Tribal leaders urge legislators to support re-establishment of Lake Traverse Reservation boundaries

June 27, 2023

AGENCY VILLAGE — The Lake Traverse Reservation, home to the Sisseton Wahpeton Oyate, doesn’t appear on official South Dakota state maps.

Literally, the oyate (a Dakota word meaning “people” or “nation”) was wiped off the map because of a 1975 U.S. Supreme Court decision.

That decision has made tribal members feel erased in the last 50 years, tribal council members told the State-Tribal Relations Committee at the tribal headquarters Monday in northeastern South Dakota. But Sisseton Wahpeton is alive – its culture and government – and tribal leaders say its boundaries are intact, even if official maps don’t recognize it.

The tribe has been working to resolve the issue for years, with the only options being to take the issue to the Supreme Court again or have Congress federally recognize and reestablish the reservation boundaries. The boundaries encompass a triangular-shaped reservation with 107,200 acres of land.

Makenzie Huber with the news organization South Dakota Searchlight reports the first step is having the South Dakota Legislature recognize those boundaries in its own legislation before taking the issue to Congress, tribal council members said.

“This is a part of our treaty and something that’s recognized on a federal level,” said Rep. Tamara St. John, R-Sisseton, and a member of the Sisseton Wahpeton Oyate. “Although this is a big issue, what we’re asking for is relatively small. It is the understanding that we’re still here.”

St. John has already drafted legislation for the 2024 legislative session, which will convene in January, to recognize the treaty boundaries. She stressed that the draft isn’t complete.

“We have work to do,” St. John said. “This is a first step in wanting you all to be aware and ideally support us as we move this forward.”

The South Dakota State-Tribal Relations Committee is a legislative committee filled with lawmakers responsible for fostering relationships between the state government and South Dakota’s nine tribal nations.

If the Legislature passes the bill, it would be the first major step in a decades-long battle for Angelique EagleWoman, a professor of law at the Mitchell Hamline School of Law, director of the Native American Law and Sovereignty Institute and chief justice of the Sisseton Wahpeton Oyate Supreme Court.

The Lake Traverse Reservation was created by a treaty between the Sisseton Wahpeton Oyate and the United States in 1867, 22 years before South Dakota became a state. The tribal nation ceded over 25 million acres of land to the United States from 1805 until the reservation boundaries were officially established in 1867.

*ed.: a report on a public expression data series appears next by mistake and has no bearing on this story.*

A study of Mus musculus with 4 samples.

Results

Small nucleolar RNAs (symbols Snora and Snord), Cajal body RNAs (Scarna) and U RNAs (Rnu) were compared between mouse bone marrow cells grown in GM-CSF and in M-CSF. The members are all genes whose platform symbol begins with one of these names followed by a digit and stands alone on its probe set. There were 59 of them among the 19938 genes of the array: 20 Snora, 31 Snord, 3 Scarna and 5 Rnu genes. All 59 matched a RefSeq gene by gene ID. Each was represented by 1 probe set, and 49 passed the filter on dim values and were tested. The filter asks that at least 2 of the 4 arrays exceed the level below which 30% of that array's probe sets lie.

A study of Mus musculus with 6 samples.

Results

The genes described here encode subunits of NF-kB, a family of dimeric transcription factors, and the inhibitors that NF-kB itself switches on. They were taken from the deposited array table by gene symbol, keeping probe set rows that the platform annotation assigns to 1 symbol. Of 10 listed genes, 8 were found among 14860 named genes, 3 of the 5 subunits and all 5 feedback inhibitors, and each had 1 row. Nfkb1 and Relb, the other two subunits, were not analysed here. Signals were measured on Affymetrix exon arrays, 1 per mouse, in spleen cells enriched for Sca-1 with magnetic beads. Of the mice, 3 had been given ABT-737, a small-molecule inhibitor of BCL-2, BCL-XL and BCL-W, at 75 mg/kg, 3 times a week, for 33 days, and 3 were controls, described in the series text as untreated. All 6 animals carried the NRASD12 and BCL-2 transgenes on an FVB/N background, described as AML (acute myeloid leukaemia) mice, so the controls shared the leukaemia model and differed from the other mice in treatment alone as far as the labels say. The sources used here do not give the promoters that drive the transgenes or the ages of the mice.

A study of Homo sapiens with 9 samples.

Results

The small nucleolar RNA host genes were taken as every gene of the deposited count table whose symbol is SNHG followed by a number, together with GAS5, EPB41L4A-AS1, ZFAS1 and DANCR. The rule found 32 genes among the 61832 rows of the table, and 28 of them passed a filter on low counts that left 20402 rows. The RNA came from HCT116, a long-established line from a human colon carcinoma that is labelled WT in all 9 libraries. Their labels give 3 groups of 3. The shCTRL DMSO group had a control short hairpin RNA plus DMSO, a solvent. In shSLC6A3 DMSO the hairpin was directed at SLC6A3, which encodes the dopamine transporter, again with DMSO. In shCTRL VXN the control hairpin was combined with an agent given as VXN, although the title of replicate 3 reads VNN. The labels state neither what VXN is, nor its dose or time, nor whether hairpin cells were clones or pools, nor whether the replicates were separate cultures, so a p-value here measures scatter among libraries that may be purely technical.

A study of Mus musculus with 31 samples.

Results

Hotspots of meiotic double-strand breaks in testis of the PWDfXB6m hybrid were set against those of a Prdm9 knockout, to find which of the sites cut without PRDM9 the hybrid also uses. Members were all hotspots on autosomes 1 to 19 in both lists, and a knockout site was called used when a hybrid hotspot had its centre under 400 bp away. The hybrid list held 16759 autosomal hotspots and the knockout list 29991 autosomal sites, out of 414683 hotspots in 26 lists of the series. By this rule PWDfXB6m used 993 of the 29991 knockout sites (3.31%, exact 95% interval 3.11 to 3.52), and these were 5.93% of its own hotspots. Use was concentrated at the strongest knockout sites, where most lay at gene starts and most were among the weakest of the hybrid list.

In 1975, the Supreme Court made a 6-3 decision in DeCoteau v. District County Court to disestablish the reservation boundaries. The decision cited an 1891 agreement between the Sisseton Wahpeton and the U.S. government to open the reservation to non-Native settlers within its boundaries. A dissenting opinion argued that there wasn’t any indication in the agreement that the reservation boundaries were altered or disestablished.

While the U.S. Congress did pass a federal law recognizing the reservation existed after the 1975 decision, it was limited to allotments and tribal lands within the original boundaries, EagleWoman said, and did not provide the full federal recognition needed of its 1867 boundaries.

EagleWoman urged the lawmakers to support the legislation next session as “a matter of justice, fairness and doing what is right.”

“This is ongoing and we’d like to put it to rest so we can start focusing on things we need,” Eaglewoman said.

The official map of South Dakota’s state highways also omits the Yankton Sioux Reservation and the Flandreau Santee Sioux Reservation. According to an article in the Lakota Times by the Center for American Indian Research and Native Studies, the state Department of Tribal Relations said Flandreau isn’t included because it is an “area of influence” instead of a reservation, and Yankton is not shown because its boundaries are “undefined.”